Research Dividend Achiever’s Index
As tracked by Mergent Inc., these companies have increased annual regular dividends for at
least the past 10 consecutive years while meeting certain liquidity-screening criteria:
Enterprise Products Partners L.P. (EPD) — 10 Years
MDU Resources Group Inc. (MDU) — 18 Years
National Retail Properties Inc. (NNN) — 19 Years
Northwest Natural Gas Co. (NWN) — 53 Years
Procter & Gamble Co. (PG) — 55 Years
RPM International Inc. (RPM) — 35 Years
WGL Holdings Inc. (WGL) — 32 Years
W. P. Carey & Co. (WPC) — 10 Years
Source: Mergent, 2008
When markets face challenging times, investors often look to safer, steady investments. In 2009, the disciplined approach of companies included in the U.S. Dividend Achievers Index serves as a model of the corporate performance, risk management and total returns that many investors may be looking for, experts say.
“As more investors are concerned about lower-risk investments, a company with a long-term track record of annually increasing its dividends tends to mitigate some of the risk based upon this track record, which results in lower volatility for Dividend Achiever companies and/or products, compared to the S&P 500 Index,” explains Bob Andrialis, director of index licensing for Indxsis Inc., the index-services unit of the business-information firm Mergent Inc.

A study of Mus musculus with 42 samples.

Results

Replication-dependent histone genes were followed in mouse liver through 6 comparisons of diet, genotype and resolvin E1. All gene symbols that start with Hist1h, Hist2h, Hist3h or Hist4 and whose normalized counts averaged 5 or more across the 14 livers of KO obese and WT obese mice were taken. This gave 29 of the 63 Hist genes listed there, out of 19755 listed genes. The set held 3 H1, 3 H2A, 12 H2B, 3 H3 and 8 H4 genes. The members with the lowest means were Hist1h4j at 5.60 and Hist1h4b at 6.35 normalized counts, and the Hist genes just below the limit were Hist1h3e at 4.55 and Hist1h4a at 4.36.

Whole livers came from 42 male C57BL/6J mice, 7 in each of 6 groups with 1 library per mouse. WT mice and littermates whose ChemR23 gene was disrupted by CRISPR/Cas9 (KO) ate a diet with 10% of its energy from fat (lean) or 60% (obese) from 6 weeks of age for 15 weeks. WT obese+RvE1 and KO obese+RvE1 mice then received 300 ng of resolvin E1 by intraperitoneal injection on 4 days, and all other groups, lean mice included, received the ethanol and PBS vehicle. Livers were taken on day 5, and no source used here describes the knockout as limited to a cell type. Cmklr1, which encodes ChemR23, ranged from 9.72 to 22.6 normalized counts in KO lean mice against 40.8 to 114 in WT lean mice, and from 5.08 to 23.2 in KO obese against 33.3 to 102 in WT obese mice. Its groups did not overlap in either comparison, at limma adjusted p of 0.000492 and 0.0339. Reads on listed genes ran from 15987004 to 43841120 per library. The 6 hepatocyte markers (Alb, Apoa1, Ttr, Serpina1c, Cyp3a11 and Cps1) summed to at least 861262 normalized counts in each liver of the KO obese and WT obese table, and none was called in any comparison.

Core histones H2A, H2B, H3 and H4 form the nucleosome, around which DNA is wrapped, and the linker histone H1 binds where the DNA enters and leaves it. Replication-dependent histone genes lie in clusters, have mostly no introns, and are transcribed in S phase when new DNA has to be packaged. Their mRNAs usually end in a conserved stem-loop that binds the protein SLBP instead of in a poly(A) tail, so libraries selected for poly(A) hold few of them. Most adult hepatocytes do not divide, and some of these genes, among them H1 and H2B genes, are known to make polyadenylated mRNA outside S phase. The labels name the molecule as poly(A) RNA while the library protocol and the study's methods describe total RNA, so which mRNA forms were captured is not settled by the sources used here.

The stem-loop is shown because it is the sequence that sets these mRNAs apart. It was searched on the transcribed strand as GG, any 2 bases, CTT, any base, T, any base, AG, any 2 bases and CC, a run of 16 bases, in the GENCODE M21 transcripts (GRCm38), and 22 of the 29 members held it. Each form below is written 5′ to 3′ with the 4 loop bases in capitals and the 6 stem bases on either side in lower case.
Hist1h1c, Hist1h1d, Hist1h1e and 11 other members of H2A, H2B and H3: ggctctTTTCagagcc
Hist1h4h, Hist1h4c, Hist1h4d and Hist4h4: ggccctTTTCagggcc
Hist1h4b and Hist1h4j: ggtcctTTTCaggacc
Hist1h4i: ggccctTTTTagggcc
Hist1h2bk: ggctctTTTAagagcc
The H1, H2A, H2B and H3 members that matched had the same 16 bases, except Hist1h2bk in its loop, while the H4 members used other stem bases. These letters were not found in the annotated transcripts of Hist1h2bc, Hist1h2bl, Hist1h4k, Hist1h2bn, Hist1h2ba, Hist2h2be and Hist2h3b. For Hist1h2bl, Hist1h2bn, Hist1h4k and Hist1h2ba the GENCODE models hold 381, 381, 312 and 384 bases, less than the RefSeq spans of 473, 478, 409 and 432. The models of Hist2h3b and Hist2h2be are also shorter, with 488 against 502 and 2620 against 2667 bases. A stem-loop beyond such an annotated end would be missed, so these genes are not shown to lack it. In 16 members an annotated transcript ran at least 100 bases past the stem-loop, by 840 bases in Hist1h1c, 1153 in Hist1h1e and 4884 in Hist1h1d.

Recently, Mergent removed 63 companies from the Broad Dividend Achievers Index and added 23 new companies. The index now includes 283 firms.
“Investing in companies producing increasing and sustainable dividend increases over long periods of time has been a priority for many investors, as it generally shows the quality of the company, consistency of financial performance, capabilities of management and good corporate governance,” Andrialis says.
Historically, dividends have accounted for 40 percent of the total return for the Dividend Achievers Index compared to about 25 percent for the S&P 500 Index.
“As you reinvest these dividends and benefit from the effects of compounding over long periods of time, you find that the Dividend Achievers Index has outperformed on a total return basis on lower volatility,” adds Andrialis. “Said another way, the Dividend Achievers Index generally results in higher returns at lower risk (more for less). One reason for this is that the Dividend Achievers Index does not have technology companies in it as many have only paid dividends for a few years, while the S&P 500 includes technology companies and hence the increase in volatility.”